When The Professor and I moved Willow's Cottage out of Los Angeles and to Camarillo last summer, we found our garden adorned with nine (9!) camellia bushes, two in front and seven along the side of the house. Camellias are not my favorite bush flowers mainly because of the mess that the blooms make when they fade and fall off the bushes. My only experience with camellias is from my grandmother's Portland garden. She had camellias all across the front of her large hillside porch. I mentioned to one of my new neighbors that I intended to pull some of them out after they bloomed in the spring. She gazed at me a moment and quietly stated, "Those camellias bloom at different times throughout the year." I have discovered her statement to be true. This bush with its variegated pink and white blossoms is in its last stages of bloom.
This bush is just starting to bloom
as is this one.
I may change my mind about the camellias. They really are quite pretty and I find I like the idea of different bushes blooming all year long.
Yesterday I went out and walked around and watered the back garden, which basically starts beyond the walkway behind the house and extends up one terraced section and the hillside for about twenty or thirty feet. I decided to take snapshots of what is blooming back there, mostly so I will know what I have and can make informed decisions about what to pull out and what to keep once planting season starts.
Honeysuckle (I think)
Honeysuckle (I think)
Brilliant purple ground cover. The plant is brittle and its gray color does nothing to endear itself to me.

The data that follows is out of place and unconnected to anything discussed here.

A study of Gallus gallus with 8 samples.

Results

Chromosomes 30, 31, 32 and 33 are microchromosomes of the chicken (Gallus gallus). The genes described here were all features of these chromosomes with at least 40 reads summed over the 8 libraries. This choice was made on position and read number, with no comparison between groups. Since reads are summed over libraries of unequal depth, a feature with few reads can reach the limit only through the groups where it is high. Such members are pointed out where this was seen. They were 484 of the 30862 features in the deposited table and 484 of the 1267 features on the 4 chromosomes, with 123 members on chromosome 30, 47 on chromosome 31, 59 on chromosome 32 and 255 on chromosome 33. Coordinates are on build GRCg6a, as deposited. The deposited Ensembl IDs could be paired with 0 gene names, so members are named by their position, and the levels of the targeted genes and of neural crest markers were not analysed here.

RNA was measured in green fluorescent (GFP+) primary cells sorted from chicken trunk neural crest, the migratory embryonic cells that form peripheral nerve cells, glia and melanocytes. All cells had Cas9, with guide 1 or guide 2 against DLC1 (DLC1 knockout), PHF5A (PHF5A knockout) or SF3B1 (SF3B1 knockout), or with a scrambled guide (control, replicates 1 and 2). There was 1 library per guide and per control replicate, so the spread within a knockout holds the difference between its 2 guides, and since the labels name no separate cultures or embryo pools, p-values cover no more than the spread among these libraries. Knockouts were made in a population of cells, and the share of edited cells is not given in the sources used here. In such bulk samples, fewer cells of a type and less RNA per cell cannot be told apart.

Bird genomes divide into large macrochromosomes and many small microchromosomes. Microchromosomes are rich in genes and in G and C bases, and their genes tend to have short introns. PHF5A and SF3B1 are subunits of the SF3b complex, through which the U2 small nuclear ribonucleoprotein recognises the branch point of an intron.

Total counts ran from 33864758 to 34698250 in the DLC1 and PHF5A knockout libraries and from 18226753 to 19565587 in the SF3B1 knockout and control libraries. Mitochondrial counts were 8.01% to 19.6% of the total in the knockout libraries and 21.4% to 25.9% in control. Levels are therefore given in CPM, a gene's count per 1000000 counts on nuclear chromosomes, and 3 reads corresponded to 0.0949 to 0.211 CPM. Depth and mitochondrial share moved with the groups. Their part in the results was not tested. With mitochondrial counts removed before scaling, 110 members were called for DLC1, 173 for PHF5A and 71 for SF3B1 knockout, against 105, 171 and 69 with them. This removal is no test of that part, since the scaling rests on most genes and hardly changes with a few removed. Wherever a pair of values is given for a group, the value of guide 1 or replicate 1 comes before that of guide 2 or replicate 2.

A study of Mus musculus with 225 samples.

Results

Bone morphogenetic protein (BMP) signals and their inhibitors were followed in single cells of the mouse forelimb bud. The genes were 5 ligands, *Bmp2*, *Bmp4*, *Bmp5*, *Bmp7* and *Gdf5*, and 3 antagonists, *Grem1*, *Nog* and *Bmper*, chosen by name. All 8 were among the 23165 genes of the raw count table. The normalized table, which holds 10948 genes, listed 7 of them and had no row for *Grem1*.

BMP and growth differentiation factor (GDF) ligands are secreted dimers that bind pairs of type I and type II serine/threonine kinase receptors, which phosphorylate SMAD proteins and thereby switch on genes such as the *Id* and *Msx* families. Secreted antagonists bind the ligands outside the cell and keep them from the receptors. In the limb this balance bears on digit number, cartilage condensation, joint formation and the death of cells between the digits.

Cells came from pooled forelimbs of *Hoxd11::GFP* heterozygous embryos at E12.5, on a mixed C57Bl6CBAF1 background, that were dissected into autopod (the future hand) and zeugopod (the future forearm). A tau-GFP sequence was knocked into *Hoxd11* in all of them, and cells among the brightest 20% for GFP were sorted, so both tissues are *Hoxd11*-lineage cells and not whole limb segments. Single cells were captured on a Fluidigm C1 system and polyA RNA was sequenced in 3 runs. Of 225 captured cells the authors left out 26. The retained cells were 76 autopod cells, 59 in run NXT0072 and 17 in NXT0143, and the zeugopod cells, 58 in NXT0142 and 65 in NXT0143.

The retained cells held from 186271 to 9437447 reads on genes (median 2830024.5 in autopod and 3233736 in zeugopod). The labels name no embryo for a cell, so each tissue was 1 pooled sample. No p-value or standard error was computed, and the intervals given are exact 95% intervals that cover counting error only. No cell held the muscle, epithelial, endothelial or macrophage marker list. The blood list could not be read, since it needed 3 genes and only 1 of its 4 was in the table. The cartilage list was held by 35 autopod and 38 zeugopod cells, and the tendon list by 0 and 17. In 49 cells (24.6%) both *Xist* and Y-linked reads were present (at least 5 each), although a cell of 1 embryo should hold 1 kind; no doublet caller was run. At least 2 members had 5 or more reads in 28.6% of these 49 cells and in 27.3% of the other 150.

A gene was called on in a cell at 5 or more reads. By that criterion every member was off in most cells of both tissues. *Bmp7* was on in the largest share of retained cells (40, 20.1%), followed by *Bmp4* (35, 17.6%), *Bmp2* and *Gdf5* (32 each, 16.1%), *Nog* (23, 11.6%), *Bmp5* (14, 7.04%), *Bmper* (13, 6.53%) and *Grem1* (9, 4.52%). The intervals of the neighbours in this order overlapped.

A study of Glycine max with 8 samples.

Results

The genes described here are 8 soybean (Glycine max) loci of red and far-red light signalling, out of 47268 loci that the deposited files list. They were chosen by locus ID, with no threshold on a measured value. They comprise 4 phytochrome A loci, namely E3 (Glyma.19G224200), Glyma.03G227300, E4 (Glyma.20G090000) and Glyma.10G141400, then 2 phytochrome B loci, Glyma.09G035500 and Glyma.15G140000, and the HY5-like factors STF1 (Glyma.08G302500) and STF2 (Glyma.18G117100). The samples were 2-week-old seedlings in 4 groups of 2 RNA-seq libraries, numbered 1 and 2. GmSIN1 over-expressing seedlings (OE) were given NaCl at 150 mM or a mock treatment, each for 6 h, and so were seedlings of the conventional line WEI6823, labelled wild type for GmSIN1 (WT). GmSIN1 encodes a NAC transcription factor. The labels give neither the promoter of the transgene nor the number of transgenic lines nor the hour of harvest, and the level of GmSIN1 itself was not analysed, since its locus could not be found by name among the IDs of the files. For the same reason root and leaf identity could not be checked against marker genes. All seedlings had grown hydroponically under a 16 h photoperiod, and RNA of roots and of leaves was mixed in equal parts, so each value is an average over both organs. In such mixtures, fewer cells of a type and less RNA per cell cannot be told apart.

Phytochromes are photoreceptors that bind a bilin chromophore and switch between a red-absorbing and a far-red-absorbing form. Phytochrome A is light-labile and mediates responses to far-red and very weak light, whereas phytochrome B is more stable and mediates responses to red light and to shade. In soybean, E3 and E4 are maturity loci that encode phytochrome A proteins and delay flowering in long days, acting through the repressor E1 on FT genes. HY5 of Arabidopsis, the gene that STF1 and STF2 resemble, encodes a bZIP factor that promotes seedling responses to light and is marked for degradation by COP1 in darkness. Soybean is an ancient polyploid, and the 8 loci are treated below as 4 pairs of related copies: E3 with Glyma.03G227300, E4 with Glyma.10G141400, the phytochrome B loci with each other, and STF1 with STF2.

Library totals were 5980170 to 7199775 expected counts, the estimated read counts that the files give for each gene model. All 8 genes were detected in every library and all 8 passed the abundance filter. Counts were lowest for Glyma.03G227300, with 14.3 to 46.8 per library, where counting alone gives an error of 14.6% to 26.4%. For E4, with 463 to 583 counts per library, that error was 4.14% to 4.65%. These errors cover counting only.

Two more ground cover bushes, lavender and white. Ground covers are important components to a hillside garden. They keep the neighbor's house where it belongs, on the street above me.
Bright red berries on a bush that looks like it was slashed with a machete. It stands alone in the middle of the ground cover and on its left maybe five feet away is an oleander bush almost completely engulfed in cape honeysuckle vines that have sneaked over uninvited from the next door neighbor's garden. I have my work cut out for me up there in the spring.
I brought a pot with me from Los Angeles filled with the ubiquitous lobelia and impatients. It's living quite happily on the terraced section next to the pots of rosemary, catnip and mint.
I am still considering putting the white iceberg roses just above the terrace in the back, sort of like a second tier. I'd like to plant them with other white flowers like cosmos and allysium. One concern we have is water conservation, so I will have to balance using plants I am familiar with from Oregon where water usually isn't a great concern and branching out with new plants that are used in water wise and native gardens.